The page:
More than 10,000 children died in New Delhi’s 350-bed Kalawati Saran Children’s Hospital between 2008 and 2012, accounting for roughly 17% of the under-14 deaths in the National Capital Territory. But the Delhi High Court has deemed this fact insufficient to warrant further investigation, and refused to order an inquiry into the deaths. In a verdict pronounced on May 27, the court dismissed a petition filed in the public interest by an NGO that demanded an investigation of conditions at the government paediatric hospital.

The number, the court observed, did “indeed appear to be high”, but decided it could not set an investigation in motion on the basis of a “half or less baked petition”.

According to the court, the Centre for Human Rights, a Delhi-based NGO, had raised unreasonable alarms without first presenting the full facts of the case. “A petitioner,” wrote Justice Rajiv Sahai Endlaw, on behalf of himself and Chief Justice G Rohini, “even in a Public Interest Litigation cannot seek commencement of a roving and fishing inquiry”.

As the court noted, there were problems with the petition. There was no mention of any specific illegalities committed by the hospital. The petitioner made no reference to the hospital’s charter, or its rules and regulations, to display precisely how the law had been violated. The petition also neglected to note the total number of children who had been admitted in the hospital for treatment between 2008 and 2012. These misgivings, in the court’s view, were fatal to the petition’s chances of admission.

Looser standards

Yet public interest litigation, by definition, encompasses looser standards of procedure. It has its origins in the wake of the Supreme Court’s failure to restrain wanton state action during the period of Emergency between 1975 and 1977, declared by prime minister Indira Gandhi. In the decade that followed, the court, with a view of re-finding its role as a sentinel of fundamental rights, enormously liberalised requirements of locus standi (the law granting the right of a party to appear and be heard before a court). Petitioners who had not suffered any direct injury were permitted to approach the court on behalf of a larger, offended public. This helped open the gates of the courts to the country’s socially and economically deprived classes, who often found themselves denied proper access to justice.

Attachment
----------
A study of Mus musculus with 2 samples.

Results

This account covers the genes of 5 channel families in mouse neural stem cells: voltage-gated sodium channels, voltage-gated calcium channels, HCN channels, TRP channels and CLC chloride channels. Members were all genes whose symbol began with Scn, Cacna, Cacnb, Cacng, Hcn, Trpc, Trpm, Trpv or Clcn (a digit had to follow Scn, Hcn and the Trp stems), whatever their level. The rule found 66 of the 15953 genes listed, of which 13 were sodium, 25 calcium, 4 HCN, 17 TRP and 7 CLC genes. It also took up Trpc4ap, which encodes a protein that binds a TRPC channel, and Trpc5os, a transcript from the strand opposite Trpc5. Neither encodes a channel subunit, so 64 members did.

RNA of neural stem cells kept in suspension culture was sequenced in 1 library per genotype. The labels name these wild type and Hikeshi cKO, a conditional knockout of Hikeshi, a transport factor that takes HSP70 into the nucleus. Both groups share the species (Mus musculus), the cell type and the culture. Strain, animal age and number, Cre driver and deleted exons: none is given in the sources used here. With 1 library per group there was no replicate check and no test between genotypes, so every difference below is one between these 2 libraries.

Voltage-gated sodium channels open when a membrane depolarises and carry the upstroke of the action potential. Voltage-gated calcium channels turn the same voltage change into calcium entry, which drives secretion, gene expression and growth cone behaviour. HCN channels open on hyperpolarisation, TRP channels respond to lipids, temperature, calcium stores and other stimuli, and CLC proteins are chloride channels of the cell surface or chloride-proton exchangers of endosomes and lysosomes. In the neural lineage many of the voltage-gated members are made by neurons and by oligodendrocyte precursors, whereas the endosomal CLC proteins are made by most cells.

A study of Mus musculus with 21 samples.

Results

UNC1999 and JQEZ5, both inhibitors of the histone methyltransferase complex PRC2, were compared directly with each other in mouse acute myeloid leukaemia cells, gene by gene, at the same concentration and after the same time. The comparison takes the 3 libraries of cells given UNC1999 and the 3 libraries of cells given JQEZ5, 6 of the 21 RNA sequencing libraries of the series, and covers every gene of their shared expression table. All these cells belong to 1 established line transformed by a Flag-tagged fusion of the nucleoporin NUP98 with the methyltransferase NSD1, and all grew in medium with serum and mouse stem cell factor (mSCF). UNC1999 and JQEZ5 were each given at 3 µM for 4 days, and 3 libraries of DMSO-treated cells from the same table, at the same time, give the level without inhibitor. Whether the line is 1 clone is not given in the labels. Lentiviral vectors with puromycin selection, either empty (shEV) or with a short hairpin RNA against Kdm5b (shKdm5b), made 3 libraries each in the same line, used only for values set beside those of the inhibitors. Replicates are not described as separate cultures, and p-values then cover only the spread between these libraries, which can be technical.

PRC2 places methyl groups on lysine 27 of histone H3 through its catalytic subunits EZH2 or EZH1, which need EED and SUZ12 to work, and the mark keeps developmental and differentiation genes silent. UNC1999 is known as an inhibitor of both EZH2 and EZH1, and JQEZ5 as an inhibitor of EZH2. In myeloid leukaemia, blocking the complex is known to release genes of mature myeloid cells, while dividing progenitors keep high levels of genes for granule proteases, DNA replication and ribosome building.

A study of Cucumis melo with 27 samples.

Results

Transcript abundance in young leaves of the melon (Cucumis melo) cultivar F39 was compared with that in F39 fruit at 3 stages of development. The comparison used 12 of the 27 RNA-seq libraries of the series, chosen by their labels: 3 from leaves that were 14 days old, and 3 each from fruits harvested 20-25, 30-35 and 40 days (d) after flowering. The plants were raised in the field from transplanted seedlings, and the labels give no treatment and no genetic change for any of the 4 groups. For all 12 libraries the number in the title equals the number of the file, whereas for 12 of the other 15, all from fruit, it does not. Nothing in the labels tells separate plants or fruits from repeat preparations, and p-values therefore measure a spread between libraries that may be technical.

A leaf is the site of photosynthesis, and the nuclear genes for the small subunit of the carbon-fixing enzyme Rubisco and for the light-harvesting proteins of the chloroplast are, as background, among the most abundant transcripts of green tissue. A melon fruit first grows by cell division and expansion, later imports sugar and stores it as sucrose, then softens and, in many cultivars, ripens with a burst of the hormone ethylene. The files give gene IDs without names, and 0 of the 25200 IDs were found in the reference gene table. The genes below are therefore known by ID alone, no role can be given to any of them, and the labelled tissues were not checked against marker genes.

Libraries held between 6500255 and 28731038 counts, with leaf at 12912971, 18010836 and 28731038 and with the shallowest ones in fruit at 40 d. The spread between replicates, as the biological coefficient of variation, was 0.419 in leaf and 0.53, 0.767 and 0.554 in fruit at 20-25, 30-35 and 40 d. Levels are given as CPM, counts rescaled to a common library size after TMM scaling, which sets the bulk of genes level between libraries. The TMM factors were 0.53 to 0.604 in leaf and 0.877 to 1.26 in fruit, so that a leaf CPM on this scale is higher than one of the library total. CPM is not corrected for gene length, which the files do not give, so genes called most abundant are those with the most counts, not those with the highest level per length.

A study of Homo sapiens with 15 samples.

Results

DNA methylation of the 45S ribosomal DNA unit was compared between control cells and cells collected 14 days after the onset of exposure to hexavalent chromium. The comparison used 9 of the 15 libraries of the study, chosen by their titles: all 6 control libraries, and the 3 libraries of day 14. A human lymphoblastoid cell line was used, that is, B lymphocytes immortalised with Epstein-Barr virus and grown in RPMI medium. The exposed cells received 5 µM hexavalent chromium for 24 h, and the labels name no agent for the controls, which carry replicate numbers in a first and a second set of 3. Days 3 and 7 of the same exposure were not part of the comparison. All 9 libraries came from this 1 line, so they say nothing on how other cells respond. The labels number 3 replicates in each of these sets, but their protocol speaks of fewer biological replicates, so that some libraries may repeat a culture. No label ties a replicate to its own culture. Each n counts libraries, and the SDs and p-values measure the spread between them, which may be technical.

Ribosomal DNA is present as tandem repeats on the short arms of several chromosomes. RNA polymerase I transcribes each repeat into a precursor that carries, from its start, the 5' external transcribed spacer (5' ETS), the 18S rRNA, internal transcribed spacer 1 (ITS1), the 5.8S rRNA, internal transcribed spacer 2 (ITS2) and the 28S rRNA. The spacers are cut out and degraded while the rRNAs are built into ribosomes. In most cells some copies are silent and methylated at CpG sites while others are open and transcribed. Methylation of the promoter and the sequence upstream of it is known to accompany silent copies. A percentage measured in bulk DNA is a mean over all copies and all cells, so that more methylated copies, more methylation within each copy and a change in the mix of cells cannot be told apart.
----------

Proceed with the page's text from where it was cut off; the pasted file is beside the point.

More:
More than 50,000 children have died in Delhi’s hospitals in five years. The Kalawati Saran Children’s Hospital, which was established in 1956 to serve as a specialist in paediatric care, has an exceptionally poor record. According to news reports, due to a lack of facilities, “almost always, two to four babies are kept in a single incubator”, in the hospital. Another Right to Information request established that in a four-month period in 2012, approximately 600 children died while in the hospital.

India’s high courts have a duty to protect the fundamental rights of citizens. In recent years the Delhi High Court has been a particularly progressive constitutional court. Its decision to read down Section 377 of the Indian Penal Code, which criminalises unnatural sex (since reversed by the Supreme Court), is one of a number of path-breaking decisions. Most recently, in examining whether a minor suffering from Gaucher disease born to poor parents is entitled to free medical treatment, the court ruled that providing access to essential medicines at affordable prices is an inalienable obligation of the state. This is why its refusal to entertain this petition bringing up a particularly grave concern is even more surprising.

Startling numbers

In India, government hospitals cater primarily to those unable to afford the ever-escalating costs of private healthcare. In the years after the Emergency, the Supreme Court even treated letters from public-spirited individuals that highlighted a violation of fundamental rights of the poor as a valid petition. “Where the weaker sections of the community are concerned…who are helpless victims of an exploitative society and who do not have easy access to justice,” wrote Justice PN Bhagwati in SP Gupta v. Union of India in 1981, “this Court will not insist on a regular writ petition to be filed…This Court will readily respond even to a letter addressed by such individual acting pro bono publico [for the public good]".

To use a Latin term fashionable among lawyers, res ipsa loquitor: the thing speaks for itself. The numbers, whichever way one looks at them, are startling. At the very least, they ought to have triggered the court’s constitutional machinery.

The prime objective of public interest litigation – which was conceived to help ensure a more egalitarian society – is to look beyond ordinary procedural constraints to meet the needs of the poor. Litigants, no doubt, owe a duty to be rigorous in their research before invoking an already-burdened machinery of the court. But to rebuff a petition as “half-baked,” on a matter of such critical importance, could seem to be ignoring the core ideals of the Constitution.